My issue is that I know learning a language is not easy. Let's assume, in 3-4 years time, I can master German. But when I am going to learn Japanese (for instance) then that would take me another 3-4 years (for example only). That would be around 8 years.

But what if I learn them together--I know my practice time then would be doubled-- would that be possible and more practical?

  • I don't need them for anything. I just want to learn them. Let's say by saying master, you can write a whole book/magazine/paper with your thoughts just flowing naturally. You can express your thoughts without stops and gaps. So more specifically, it's way above conversational level. – Bwrites Jan 5 '18 at 1:57
  • During 3-4 year, how many hours per week you dedicate to learning L2? Can you learn L2 faster than in 3-4 years if you simulate total immersion? And if you do immersion into L2, will it be possible to learn another language L3 during immersion into L2? – Peter M. Jan 11 '18 at 22:48

However, what you do in your spare time is a different matter. In that case, your decision to add another language depends mainly on two things: time and motivation.

The time aspect was already mentioned in the question. In theory, adding another language would double the time you need to achieve mastery. However, if your native language is a Germanic language, you may find that Japanese requires roughly three times the amount of effort than German. This ratio does not improve much (if at all) if your native language is a non-Germanic Indo-European language. You'll need to manage your time so you spend at least 30 minutes on Japanese every day. (When I was attending Spanish and Chinese language courses in parallel for some time, I spent at least 30 minutes per day on Chinese and 60 minutes per week on Spanish.)

The other aspect is motivation. Knowing why you want to learn the language will enable you to set specific goals and will keep you motivated. On the Mezzofanti Guild website, Donovan Nagel recommends setting both "macro goals" and "micro goals". In a comment on a different post he says that learning just to pass a language test is not very motivating. The conclusion I draw from this is that you should be able to define at least one macro goal and a few micro goals before you start learning Japanese. (You should also have these for German, by the way.) If you can't think of any goals, you need to think a bit harder about why you want to learn the language.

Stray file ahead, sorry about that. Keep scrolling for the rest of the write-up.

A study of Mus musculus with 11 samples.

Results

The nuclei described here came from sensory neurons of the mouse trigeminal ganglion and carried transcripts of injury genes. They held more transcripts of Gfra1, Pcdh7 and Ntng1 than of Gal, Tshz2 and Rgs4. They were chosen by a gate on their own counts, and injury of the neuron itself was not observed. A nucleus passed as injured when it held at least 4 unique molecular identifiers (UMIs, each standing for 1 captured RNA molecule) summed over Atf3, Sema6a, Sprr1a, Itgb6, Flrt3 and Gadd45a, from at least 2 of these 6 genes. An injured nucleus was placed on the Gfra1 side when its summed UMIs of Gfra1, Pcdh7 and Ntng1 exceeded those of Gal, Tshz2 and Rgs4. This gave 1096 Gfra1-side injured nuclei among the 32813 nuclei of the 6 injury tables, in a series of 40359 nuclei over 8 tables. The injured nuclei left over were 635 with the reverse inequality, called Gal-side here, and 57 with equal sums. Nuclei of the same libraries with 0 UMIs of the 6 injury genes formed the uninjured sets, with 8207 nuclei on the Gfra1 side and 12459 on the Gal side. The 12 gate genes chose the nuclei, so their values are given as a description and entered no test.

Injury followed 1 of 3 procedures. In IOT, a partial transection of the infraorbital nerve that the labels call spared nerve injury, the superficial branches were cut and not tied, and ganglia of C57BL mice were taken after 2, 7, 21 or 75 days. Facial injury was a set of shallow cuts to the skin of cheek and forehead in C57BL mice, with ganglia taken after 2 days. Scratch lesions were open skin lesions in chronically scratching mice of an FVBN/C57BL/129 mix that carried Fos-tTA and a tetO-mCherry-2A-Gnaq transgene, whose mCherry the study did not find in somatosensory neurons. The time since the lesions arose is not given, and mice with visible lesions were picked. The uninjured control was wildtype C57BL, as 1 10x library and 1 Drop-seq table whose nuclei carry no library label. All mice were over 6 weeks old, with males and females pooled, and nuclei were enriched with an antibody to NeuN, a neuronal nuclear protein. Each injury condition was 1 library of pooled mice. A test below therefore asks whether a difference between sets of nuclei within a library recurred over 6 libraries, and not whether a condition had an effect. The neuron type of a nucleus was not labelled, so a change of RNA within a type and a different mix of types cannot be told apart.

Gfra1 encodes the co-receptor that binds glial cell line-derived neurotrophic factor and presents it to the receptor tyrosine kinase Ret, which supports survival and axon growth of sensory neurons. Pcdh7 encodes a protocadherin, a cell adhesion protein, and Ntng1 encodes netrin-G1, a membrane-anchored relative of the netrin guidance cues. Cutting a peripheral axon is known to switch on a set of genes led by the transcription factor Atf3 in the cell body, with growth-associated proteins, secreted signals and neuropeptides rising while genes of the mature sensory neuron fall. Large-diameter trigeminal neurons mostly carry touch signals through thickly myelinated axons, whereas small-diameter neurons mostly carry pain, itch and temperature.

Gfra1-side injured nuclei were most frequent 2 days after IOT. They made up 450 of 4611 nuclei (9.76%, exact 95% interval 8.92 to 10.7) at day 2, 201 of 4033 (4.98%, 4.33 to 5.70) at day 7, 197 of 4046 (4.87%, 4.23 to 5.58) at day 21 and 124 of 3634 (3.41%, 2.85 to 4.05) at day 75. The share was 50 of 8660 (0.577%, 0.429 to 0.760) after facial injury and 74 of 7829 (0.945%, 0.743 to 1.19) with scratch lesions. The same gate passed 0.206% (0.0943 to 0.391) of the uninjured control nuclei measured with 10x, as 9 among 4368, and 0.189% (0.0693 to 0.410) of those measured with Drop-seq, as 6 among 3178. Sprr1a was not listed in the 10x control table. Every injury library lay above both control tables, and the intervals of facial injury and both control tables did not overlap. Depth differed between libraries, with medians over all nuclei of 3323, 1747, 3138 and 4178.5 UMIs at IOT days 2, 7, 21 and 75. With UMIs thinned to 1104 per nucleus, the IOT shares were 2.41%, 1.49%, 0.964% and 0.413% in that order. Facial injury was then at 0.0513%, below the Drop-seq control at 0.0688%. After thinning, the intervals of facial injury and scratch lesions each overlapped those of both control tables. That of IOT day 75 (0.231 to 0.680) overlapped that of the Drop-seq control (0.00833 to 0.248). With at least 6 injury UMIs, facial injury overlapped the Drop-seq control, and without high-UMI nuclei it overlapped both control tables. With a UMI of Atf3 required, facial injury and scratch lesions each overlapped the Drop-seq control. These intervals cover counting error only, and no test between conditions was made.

However, all people are different. You need to find what works for you best. I personally, find it difficult learning 2 languages at once. I find that my brain gets overloaded and my work performance suffers. I prefer to learn one language at a time. I spend 1-2 months learning/improving one language, and then switch to another one. I don't aim at mastering languages. I'm content to be limited to a tourist vocabulary in some languages. Over years my skills in a few languages improved so that I can read books, and watch movies.


I have found that without making a firm decision about either I am adrift, but when I focus I'm able to learn better and quicker.

  • why forcerd? what is your problem' – simon Nov 25 '18 at 15:49

Depending on the language family, there will be similarities in grammar and I've found that one concept which was difficult to understand suddenly makes sense when come across in a separate language. Even languages from widely disparate families with large differences in grammar can have the same effect; the difference itself can be enlightening.

Also, mastery is an unattainable goal. Language learning is a life-long endeavor. Even when you someday can speak German in all situations comfortably, read the newspaper without a dictionary, etc. you'll always come across new words you've never seen before and the occasional minor mistake will always creep in. But this happens with native speakers as well.